As the federated learning tasks become more and more complex, their model sizes increase. Some model sizes may go beyond 2GB and even reach hundreds of GB. NVIDIA FLARE supports large models as long as the system memory of servers and clients is capable of handling it. However, it requires special consideration on NVIDIA FLARE configuration and the system because the network bandwidth and thus the time to transmit such large amount of data during NVIDIA FLARE job runtime varies significantly. Here we describe 128GB model training jobs to highlight the configuration and system that users should consider for successful large model federated learning jobs.
Our successful experiments of 128GB model training were running on one NVIDIA FLARE server and two clients. The server was deployed in Azure west-us region. One of those two clients was deployed in AWS west-us-2 region and the other was in AWS ap-south-1 region. The system was deployed in such cross-region and cross-cloud-service-provider manner so that we can test NVIDIA FLARE system with various conditions on the network bandwidth. The Azure VM size of the NVIDIA FLARE server was M32-8ms, which has 875GB memory. The AWS EC2 instance type of NVIDIA FLARE clients was r5a.16xlarge with 512GB memory. We also enabled 128GB swap space on all machines.
Job of 128GB Models¶
We slightly modified the hello-numpy example to generate a model, which was a dictionary of 64 keys. Each key held a 2GB numpy array. The local training task was to add a small number to those numpy arrays. The aggregator on the server side was not changed. This job required at least two clients and ran 3 rounds to finish.
We measured the bandwidth between the server and west-us-2 client. It took around 2300 seconds to transfer the model from the client to the server and around 2000 seconds from the server to the client. On the ap-south-1 client, it took about 11000 seconds from the client to the server and 11500 seconds from the server to the client. We updated the following values to accommodate such differences.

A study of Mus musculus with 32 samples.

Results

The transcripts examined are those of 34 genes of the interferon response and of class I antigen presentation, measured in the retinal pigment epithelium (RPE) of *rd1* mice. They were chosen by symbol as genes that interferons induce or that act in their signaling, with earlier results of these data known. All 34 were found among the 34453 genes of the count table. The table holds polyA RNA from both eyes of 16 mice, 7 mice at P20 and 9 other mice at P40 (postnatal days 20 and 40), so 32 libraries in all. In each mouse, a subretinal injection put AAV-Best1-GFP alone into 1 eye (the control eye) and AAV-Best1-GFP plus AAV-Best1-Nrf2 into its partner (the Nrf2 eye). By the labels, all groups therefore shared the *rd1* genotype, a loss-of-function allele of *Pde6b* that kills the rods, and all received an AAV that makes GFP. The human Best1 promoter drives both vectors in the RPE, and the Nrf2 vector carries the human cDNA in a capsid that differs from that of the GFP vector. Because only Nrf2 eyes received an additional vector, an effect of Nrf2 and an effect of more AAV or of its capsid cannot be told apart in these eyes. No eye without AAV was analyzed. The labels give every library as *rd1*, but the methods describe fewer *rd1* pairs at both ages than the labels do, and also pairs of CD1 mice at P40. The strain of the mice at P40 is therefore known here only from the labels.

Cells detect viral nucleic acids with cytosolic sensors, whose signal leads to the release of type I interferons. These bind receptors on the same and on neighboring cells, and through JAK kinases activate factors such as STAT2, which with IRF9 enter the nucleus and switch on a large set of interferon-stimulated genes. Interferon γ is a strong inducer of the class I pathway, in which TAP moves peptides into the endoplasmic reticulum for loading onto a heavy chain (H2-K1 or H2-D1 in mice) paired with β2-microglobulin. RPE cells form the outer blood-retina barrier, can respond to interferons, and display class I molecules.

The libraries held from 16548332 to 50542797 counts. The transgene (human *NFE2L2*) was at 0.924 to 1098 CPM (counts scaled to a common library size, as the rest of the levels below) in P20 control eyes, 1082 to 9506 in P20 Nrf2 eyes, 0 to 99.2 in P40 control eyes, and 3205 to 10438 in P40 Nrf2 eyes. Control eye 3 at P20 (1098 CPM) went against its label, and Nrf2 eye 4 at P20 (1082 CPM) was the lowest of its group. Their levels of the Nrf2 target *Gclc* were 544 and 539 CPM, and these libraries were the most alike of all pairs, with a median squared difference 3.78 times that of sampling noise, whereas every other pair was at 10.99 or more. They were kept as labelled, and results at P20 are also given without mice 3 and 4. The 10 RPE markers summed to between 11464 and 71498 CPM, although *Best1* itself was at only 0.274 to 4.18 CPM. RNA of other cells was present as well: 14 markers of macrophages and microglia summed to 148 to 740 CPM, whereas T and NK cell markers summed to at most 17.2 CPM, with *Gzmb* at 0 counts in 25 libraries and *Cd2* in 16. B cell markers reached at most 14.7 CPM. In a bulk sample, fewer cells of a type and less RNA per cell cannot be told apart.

streaming_read_timeout to 3000
streaming_ack_wait to 6000
communication_timeout to 6000
The streaming_read_timeout is used to check when a chunck of data is received but is not read out by the upper layer. The streaming_ack_wait is how long the sender should wait for acknowledgement returned by the receiver for one chunck.
The communication_timeout is used on three consecutive stages for a single request and response. When sending a large request (submit_update), the sender starts a timer with timeout = communication_timeout. When this timer expires, the sender checks if any progress is made during this period. If yes, the sender resets the timer with the same timeout value and waits again. If not, this request and response returns with timeout. After sending completes, the sender cancels the previous timer and starts a remote processing timer with timeout = communication_timeout. This is to wait for the first returned byte from the receiver. On large models, the server requires much longer time to prepare the task when the clients send get_task requests. After receiving the first returned byte, the sender cancel the remote processing timer and starts a new timer. It checks the receiving progress just like sending.
Since the experiment was based on hello-numpy, one of the arguments, train_timeout in the ScatterAndGather class had to be updated. This timeout is used to check the scheduling of training tasks. We changed this argument to 60000 for this experiment.
During the experiment, the server could use more than 512GB, ie 128GB * 2 clients * 2 (model and runtime space). The following figure shows the CPU and memory usage of the server.
Although most of the time, the server was using less than 512GB, there were a few peaks that reached 700GB or more.
The followings are clients, west-us-2 and ap-south-1.
The west-us-2 client, with its fast bandwidth with the server, received and sent the models in about 100 minutes and entered nearly idle state with little cpu and memory usage. Both clients used about 256GB, ie 128GB * 2 (model and runtime space), but at the end of receiving large models and at the beginning of sending large models, these two clients required more than 378GB, ie 128GB * 3.